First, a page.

With her father. June 1946. The estate where Marcelle was raised and which she loved.
She had an unusual childhood, unlike her two older siblings, being ignored by her parents and relegated to the kitchen so that the cook and her sister, the housekeeper, became surrogate mothers. Her Mother was intelligent but had no interest in her children or art and kept reminding her that she was ugly, ungainly and stupid, compared to her sister. The opposite to the actualité. A family friend remarked that “The van Caillies were all rather larger than life. Large people, big house, good conversation and good wine.”
One of her earliest tragedies was the cutting down of four hundred trees by the Germans there during the war. This opened up the house to nearby Bruges. The estate was divided up into building sites, sold and is now the suburb of St Croix.
Her father, Jean Louis van Caillie (d.17/1/1956) was an imposing figure, known locally as ‘Le Grande Eapagnole’ or even ‘God’. My own father regarded him as “a ‘grand bourgeois’ and “perhaps not quite a gentleman”. (HAS)
He was head of the Chamber of Notaires in Bruges and was regarded as dangerously interested in Art, although his taste did not extend further than Impressionism. He was a friend of James Ensor, but did not take him seriously as an artist, and did not buy any of his works. However, he acquirod a collection of 17th Century Flemish paintings, which with their rich colour and grandeur were to exert an early influence on Marcelle.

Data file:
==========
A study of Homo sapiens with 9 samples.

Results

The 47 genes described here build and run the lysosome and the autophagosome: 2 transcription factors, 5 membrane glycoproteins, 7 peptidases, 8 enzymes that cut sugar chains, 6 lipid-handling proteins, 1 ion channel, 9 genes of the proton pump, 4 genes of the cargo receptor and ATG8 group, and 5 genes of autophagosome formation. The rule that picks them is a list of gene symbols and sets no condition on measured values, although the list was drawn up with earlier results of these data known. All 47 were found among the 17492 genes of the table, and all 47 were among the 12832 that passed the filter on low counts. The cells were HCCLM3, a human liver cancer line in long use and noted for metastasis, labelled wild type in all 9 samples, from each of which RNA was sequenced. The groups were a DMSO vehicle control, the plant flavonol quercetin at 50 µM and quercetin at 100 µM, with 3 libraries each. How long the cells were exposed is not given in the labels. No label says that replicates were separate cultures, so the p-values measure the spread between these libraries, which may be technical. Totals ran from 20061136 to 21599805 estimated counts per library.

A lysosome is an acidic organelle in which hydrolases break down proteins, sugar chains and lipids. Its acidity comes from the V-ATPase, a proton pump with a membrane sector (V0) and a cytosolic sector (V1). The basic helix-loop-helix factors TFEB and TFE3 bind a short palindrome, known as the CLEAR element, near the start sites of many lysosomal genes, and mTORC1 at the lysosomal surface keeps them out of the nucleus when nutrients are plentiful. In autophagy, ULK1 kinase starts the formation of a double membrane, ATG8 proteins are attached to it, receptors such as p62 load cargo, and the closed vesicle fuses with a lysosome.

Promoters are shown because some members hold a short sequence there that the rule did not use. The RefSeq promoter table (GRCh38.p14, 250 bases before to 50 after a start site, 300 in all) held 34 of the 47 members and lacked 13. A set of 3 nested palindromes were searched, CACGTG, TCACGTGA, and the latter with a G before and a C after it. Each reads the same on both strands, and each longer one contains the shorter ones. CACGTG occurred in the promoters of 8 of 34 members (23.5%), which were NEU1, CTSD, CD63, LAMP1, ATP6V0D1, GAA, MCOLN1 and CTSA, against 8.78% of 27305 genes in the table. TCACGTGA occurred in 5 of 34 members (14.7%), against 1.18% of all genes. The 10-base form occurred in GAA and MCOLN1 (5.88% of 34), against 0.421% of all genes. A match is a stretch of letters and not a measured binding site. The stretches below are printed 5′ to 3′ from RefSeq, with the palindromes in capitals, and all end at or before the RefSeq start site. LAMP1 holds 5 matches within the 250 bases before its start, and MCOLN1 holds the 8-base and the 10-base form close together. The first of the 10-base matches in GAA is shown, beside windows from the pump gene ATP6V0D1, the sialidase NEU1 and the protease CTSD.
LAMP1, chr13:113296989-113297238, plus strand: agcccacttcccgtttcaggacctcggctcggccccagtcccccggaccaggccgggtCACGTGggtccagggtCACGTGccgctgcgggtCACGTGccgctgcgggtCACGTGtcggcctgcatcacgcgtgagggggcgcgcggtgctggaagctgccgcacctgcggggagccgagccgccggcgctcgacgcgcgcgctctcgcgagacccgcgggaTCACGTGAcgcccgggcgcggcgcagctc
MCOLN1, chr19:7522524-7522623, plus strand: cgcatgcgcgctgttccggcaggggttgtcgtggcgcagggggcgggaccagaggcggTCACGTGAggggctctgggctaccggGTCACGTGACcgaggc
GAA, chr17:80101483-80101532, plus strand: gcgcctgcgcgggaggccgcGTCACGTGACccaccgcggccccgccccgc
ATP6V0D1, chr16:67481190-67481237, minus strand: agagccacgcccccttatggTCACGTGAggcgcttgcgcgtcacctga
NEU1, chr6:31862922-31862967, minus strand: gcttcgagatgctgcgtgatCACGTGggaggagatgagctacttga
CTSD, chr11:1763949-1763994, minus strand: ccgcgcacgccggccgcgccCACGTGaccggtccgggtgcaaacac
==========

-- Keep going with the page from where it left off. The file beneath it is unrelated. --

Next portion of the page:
He had ignored her until she became an attractive teenager. Once, when looking at photographs of Paris with him he remarked “You seem to know a lot about Paris.” “Of course, I am at a ‘Finishing school’ there. Didn’t you know?”. At that time she began working at Académie de la Grande Chaumière. Later she returned, studying under Orthon Friesz.
After the sale of St Croix, he bought a property at nearby Damme.
Her mother had a Bourbon descent through the Regent of France. She was intelligent but had no interest in her children or art.
In the Great War (WW1), she was a much decorated agent of the French 2me Bureau. In WW2, during the German invasion a French officer called and she immediately disappeared. At the end of the war she unexpectedly reappeared with the words “Je suis la”. She had an imposing presence and was generally known as ‘La Reine Mere’.
FLORIMOND VAN CAILLIE
The only artist in the family was her great-uncle – Florimond van Caillie – who scandalised his family when he became a painter, working on the Belgian coast where Knokke now stands, with Vervee, and died in the best romantic tradition at the age of thirty-four before achieving his early promise.
Tragically, Marcelle ceased to work in about 1969 and died in March 1991 at her home, where SOE agents had been trained during the war, at Wanborough, near Guildford, and where she is buried.